Impact could affect local schools this year
By Lucas Wright
As the clock struck midnight to close out the month of May on Tuesday night, the Illinois General Assembly closed session still without a budget for the state.
On the morning of Wednesday, June 1, Illinois Governor Bruce Rauner was making the rounds through multiple southern Illinois communities. One of his stops took him to the Vienna Correctional Center, where he addressed a crowd of local news outlets along with local elected officials and community members.
Rauner’s topic of discussion centered around his proposed bill that would carry the state’s education and prison systems through the end of the year, without a current budget in place.
The state has been without a budget for over a year, and with Rauner taking office just over a year ago, he has taken most of the criticism for the issue. Wednesday, Rauner took his chance to make it known he believes Speaker of the House Mike Madigan is behind the gridlock in Springfield.
“The tragic fact is: Speaker Madigan and his democrats have controlled the General Assembly for more than 30 years. 30 years of total power,” Rauner said. “In those 30 years, we have the highest deficits, debt and unfunded pension liabilities in America thanks to their policies.”
While Springfield has come to a screeching halt in policy making, the rest of the state has suffered at its expense, and the effects are starting to be shown right here in southern Illinois.
As a result of having no budget in play, local schools have had funding issues and the impact could hit the schools hard during the new school year in 2016. The topic of shutting down schools will become a reality in the near future.
“If the state doesn’t pass a budget there will definitely be schools throughout the state that are in the position that they won’t be able to open their doors day one in the fall,” Vienna High School Superintendent Joshua Stafford said. “Schools in Johnson County are able to open their doors. Vienna High School will be able to make it through at least January.”
After that point in January, things seem to be dim for Vienna schools according to Stafford.
“I don’t know what the exact solution is after that, but there is definitely nothing off the table,” Stafford said. “When your checkbook balance goes to zero because you are not receiving the revenue the state owes you, you’re looking at all the options. There is a potential in January that we may have to close our doors.”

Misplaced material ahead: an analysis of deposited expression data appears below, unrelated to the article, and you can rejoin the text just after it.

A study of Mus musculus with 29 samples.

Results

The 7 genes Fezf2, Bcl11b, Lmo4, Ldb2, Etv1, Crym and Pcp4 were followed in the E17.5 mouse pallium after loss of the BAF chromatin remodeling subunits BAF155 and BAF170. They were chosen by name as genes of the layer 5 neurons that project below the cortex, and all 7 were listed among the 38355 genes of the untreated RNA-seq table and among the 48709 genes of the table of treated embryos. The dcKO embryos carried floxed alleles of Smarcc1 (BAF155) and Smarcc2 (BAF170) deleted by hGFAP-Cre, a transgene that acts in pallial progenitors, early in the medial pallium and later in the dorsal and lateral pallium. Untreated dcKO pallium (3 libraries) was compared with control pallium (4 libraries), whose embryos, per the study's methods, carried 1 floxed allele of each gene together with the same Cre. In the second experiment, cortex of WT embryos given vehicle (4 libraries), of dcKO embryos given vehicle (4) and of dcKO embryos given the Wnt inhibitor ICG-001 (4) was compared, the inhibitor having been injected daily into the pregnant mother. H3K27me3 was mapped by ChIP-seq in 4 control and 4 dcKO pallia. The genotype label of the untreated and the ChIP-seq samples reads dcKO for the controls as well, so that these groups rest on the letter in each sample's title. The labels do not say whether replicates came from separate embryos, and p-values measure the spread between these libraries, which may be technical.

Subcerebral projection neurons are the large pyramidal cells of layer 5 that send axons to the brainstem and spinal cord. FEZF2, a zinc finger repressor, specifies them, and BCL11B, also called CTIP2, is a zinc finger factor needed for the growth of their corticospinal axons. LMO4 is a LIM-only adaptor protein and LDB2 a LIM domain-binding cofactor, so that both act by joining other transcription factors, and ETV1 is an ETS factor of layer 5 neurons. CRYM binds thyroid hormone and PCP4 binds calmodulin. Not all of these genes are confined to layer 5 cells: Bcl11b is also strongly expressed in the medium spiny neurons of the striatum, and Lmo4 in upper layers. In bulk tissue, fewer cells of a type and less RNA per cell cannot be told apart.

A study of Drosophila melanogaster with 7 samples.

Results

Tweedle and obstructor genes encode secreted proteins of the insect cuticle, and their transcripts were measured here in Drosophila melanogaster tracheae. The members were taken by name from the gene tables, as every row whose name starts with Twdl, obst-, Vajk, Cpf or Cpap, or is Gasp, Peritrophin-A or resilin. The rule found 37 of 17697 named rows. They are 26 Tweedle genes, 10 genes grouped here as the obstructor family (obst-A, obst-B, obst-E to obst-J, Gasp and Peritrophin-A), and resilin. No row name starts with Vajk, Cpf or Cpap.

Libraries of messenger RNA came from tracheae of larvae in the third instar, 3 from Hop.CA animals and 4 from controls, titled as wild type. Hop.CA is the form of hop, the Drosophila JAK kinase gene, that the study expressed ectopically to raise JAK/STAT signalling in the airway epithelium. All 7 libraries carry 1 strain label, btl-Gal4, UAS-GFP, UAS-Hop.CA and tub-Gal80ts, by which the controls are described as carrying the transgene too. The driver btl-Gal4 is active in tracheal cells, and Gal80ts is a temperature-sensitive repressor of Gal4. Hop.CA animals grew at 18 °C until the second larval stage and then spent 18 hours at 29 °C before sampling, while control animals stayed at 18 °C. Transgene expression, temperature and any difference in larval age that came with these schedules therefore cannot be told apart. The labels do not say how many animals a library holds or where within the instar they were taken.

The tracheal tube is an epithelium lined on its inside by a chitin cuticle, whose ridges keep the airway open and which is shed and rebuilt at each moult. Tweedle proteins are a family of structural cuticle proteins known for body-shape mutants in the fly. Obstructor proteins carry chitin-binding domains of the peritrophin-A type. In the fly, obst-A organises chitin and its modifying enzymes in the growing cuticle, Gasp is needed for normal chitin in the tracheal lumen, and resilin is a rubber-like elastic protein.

With the topic of shutting down schools across the state, it would seem like the state legislature would be looking for a way to find a budget to keep schools open, but there is a roadblock in the way for funding to pass, according to Rauner.
Rauner said the General Assembly is trying to prioritize a buyout for Chicago areas schools ahead of other schools in Illinois.
With this in the way, Rauner’s press conference focused on highlighting the key points of his K-12 education-funding bill. The governor calls the bill a “clean” funding bill, free of any other policies. Rauner also is in the works of passing a bill to fund universities, prisons, facilities and critical government operations. He said the bill would get the state through to January where he hopes the state can “redo the funding formula and make it more fair and more supportive of the school districts, particularly those downstate.”
While the answer to Illinois’ budget problem does not look to be solved anytime soon, the Governor said he is hopeful for a solution this year. He also pointed out with it being an election year most in the General Assembly are prepared to drag out the fight throughout the entirety of 2016.